G. Jeffrey MacDonald wrote an interesting piece in the New York Times last week concerning clergy and burnout. The article is based on the idea that congregations in America want to be entertained more than they want to be godly. This has put a lot of pressure on clergy who actually want to make a difference in people’s lives.

MacDonald writes:

The pastoral vocation is to help people grow spiritually, resist their lowest impulses and adopt higher, more compassionate ways. But churchgoers increasingly want pastors to soothe and entertain them. It’s apparent in the theater-style seating and giant projection screens in churches and in mission trips that involve more sightseeing than listening to the local people. . . .
The trend toward consumer-driven religion has been gaining momentum for half a century. Consider that in 1955 only 15 percent of Americans said they no longer adhered to the faith of their childhood, according to a Gallup poll. By 2008, 44 percent had switched their religious affiliation at least once, or dropped it altogether, the Pew Forum on Religion & Public Life found. Americans now sample, dabble and move on when a religious leader fails to satisfy for any reason.

MacDonald says the solution is for Christians to ask their clergy for challenges to growth. He writes, “Clergy need parishioners who understand that the church exists, as it always has, to save souls by elevating people’s values and desires. They need churchgoers to ask for personal challenges, in areas like daily devotions and outreach ministries.”

In reviewing MacDonald’s book Thieves in the Temple Chuck Leddy notes, “MacDonald continually calls upon churches to renew their commitment to moral purpose, to stress that “the life of faith is actually a sacrificial one.” MacDonald concludes by describing a few examples of successful churches that “reinforce the notion that spiritual growth is supposed to be difficult and uncomfortable at times.”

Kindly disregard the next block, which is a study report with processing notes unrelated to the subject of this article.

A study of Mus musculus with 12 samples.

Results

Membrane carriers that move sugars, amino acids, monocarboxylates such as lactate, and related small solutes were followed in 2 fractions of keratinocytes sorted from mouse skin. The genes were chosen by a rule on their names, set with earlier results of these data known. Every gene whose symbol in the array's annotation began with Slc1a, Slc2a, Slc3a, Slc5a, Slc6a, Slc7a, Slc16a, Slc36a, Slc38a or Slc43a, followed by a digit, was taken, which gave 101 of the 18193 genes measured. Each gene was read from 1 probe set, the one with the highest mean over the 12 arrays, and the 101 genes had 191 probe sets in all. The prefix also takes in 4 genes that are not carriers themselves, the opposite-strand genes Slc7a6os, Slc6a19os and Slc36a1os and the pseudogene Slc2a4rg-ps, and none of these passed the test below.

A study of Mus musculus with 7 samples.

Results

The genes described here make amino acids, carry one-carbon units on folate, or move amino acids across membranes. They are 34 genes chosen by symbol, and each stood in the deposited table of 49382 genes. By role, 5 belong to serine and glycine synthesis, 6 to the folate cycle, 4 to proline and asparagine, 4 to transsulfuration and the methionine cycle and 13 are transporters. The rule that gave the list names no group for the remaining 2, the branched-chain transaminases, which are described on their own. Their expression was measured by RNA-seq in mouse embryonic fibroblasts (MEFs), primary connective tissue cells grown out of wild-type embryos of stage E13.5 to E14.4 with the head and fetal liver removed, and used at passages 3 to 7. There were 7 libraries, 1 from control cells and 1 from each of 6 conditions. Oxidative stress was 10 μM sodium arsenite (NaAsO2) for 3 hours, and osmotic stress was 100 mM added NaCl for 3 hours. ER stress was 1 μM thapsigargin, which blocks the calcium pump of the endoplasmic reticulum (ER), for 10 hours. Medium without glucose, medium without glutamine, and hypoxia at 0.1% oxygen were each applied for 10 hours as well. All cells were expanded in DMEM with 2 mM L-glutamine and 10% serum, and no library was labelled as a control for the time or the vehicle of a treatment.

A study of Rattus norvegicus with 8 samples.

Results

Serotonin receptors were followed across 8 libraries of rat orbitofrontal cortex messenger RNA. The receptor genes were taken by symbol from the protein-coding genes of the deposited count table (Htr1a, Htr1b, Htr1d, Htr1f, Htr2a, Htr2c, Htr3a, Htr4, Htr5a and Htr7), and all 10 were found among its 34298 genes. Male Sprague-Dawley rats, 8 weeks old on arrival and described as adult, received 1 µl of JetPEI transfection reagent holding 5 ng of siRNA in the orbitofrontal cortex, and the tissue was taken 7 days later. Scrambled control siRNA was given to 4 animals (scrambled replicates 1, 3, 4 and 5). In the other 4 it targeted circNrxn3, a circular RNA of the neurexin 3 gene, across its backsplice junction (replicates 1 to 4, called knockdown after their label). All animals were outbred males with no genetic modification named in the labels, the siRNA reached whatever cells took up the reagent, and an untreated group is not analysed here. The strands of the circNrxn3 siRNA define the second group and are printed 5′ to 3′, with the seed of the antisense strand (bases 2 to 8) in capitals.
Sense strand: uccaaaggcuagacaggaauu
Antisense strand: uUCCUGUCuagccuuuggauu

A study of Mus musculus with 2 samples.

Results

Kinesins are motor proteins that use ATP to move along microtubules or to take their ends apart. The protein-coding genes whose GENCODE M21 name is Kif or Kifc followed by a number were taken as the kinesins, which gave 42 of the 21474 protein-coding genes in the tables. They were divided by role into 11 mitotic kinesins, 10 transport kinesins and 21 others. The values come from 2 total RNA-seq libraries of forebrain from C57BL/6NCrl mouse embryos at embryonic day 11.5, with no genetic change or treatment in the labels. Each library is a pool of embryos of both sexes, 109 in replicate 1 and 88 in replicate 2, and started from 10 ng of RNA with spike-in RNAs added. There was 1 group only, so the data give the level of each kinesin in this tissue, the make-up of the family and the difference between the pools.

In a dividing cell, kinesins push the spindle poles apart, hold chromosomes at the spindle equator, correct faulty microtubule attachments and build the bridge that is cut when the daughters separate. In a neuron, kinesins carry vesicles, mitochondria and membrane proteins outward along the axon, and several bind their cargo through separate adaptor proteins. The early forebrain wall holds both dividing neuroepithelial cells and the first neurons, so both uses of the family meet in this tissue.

We all face the pressure to some degree of people in our congregations wanting “Christianity Lite”—being more entertained than transformed. While I understand and sympathize with what MacDonald is describing, I think there are two areas that MacDonald is ignoring to his peril and the church’s peril. MacDonald is part of the United Church of Christ, which many years ago moved away from the authority of the Bible and the necessity of the gospel.

One reason church members join is because they believe something in common. The problem MacDonald is describing ( but doesn’t acknowledge) is that he is dealing with a denomination that has watered down Christianity until it means nothing beyond a common “urge to be united and do good in the world.” The problem is that doing good in the world doesn’t require the spiritual disciplines he’s talking about. On the other hand, believing in Christ crucified as the only atonement for sin and living for Him in that light does require discipline.

Another reason church members join is because they all worship something in common. Second Corinthians 3:18 states clearly that we grow as we gaze upon the glory of Jesus Christ our Lord. When MacDonald’s church dilutes that glory to look like the glory of mankind, the result is predictable. People live up to their own standards and look for people who agree with them. They cannot be challenged by Christ because they aren’t gazing at His glory.

This should be a warning to us that we need to help our membership believe in and gaze upon Jesus Christ. To get distracted from this all-consuming goal will be to have our congregations go wild and our membership be nothing more than access to a club. Membership is a call to a community that shares unique beliefs and worship—not sharing our own ideas and pursuits but in a pursuit of Jesus Christ. If we need to remind our congregations of that through clear preaching and loving church discipline, we only call ourselves and our churches to following Jesus Christ more closely.